TWENTY-NINE G. A. Henty Audiobooks!

TWENTY-NINE G. A. HENTY AUDIOBOOKS!

George Alfred Henty (8 December 1832 – 16 November 1902), was a prolific English novelist best known for his historical adventure stories that were popular in the late 19th century. His books are still read and enjoyed today and are a terrific way to bring pivotal events from history to life for young readers and listeners. Today, we bring you a link from which you can download all these classic unabridged “living history” Henty audiobooks:

Among Malay Pirates
At Agincourt – White Hoods of Paris
Beric the Briton: A Story of the Roman Invation
By Pike and Dyke
The Cat of Bubastes

Dragon and the Raven: or The Days of King Alfred
In Freedom’s Cause
On the Irrawaddy, a Story of the First Burmese War
One of the 28th – a Tale of Waterloo
Saint George for England
St. Bartholomew’s Eve
Through Russian Snows
Through the Fray
The Tiger of Mysore
True to the Old Flag… AND MANY MORE!

Courtesy of Librivox.org, you can download and enjoy these complete, unabridged audio reading of one of Henty’s best historical adventure novels. These are read by different readers and the quality varies from acceptable to truly excellent (By Pike and Dyke, The Tiger of Mysore).

Our link takes you to the Librivox results page for ALL their G. A. Henty audiobooks. Just click on the titles you wish to download, and you’ll be taken to the individual download page for that book.  You’ll be able to download these audiobooks a chapter at a time, or each complete title all at once. Bookmark the page if you need to come back to it later!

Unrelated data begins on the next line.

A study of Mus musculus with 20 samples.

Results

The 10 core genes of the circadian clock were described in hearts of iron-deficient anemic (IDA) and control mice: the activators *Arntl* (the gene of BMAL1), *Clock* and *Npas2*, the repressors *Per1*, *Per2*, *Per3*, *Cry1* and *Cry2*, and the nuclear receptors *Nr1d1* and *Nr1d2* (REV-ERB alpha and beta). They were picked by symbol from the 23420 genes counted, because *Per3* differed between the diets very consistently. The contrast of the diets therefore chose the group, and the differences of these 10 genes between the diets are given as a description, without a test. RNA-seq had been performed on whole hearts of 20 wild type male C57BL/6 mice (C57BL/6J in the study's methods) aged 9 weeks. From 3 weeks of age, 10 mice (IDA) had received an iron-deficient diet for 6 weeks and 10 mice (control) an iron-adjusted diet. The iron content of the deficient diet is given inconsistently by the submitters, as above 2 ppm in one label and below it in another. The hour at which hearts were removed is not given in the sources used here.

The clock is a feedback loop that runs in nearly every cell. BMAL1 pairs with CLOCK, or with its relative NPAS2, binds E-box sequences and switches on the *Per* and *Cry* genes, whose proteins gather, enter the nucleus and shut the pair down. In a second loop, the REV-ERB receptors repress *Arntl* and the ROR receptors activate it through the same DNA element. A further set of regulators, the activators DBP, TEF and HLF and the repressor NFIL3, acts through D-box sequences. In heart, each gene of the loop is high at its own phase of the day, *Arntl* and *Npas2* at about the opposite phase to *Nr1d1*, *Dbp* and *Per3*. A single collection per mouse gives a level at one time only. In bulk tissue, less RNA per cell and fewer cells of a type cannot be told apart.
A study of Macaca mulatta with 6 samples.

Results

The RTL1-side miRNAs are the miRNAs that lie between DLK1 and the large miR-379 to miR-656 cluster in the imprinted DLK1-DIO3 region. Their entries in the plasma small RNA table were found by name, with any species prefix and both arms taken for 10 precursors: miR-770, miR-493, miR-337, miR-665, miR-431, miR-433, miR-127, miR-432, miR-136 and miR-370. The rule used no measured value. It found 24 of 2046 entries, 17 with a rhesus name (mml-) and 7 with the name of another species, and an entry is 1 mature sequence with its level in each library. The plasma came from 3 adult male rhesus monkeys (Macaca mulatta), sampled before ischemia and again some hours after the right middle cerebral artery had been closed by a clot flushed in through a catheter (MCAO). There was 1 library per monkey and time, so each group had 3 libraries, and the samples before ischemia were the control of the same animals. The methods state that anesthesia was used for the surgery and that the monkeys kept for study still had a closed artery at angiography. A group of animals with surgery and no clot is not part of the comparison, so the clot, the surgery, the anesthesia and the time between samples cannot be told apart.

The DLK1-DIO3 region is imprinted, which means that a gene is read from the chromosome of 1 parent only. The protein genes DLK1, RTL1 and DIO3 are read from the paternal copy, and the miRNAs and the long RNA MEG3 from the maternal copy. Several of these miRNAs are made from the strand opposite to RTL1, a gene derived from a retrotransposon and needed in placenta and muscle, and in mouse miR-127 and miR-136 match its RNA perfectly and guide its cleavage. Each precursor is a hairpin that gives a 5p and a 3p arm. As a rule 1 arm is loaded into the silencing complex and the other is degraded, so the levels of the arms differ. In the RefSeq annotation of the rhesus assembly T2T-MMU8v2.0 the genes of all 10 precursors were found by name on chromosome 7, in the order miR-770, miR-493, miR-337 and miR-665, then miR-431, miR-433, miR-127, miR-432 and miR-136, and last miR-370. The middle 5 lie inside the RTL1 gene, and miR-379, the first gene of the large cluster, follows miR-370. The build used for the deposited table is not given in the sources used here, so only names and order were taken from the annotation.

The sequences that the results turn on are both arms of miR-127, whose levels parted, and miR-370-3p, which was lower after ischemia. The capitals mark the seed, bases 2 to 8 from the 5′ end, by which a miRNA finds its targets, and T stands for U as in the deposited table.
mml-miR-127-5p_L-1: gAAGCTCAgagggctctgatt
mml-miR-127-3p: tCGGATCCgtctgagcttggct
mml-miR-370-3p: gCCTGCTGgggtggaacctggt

Click here!

Tip: The 64K mp3 versions sound just as good as the 128K mp3 versions — and is half the size. These are huge files, so plan accordingly!


  1. One of the options is

    RSS feed · Subscribe in iTunes

    This makes if very, very easy and not so time consuming–they show up in the "Podcast" section iTunes.   You can also stream them directly on the internet without downloading if you use the Internet Archive page link.  This is where I go to listen to the different "readers" to see if we like one reader over another before using the RSS feed option.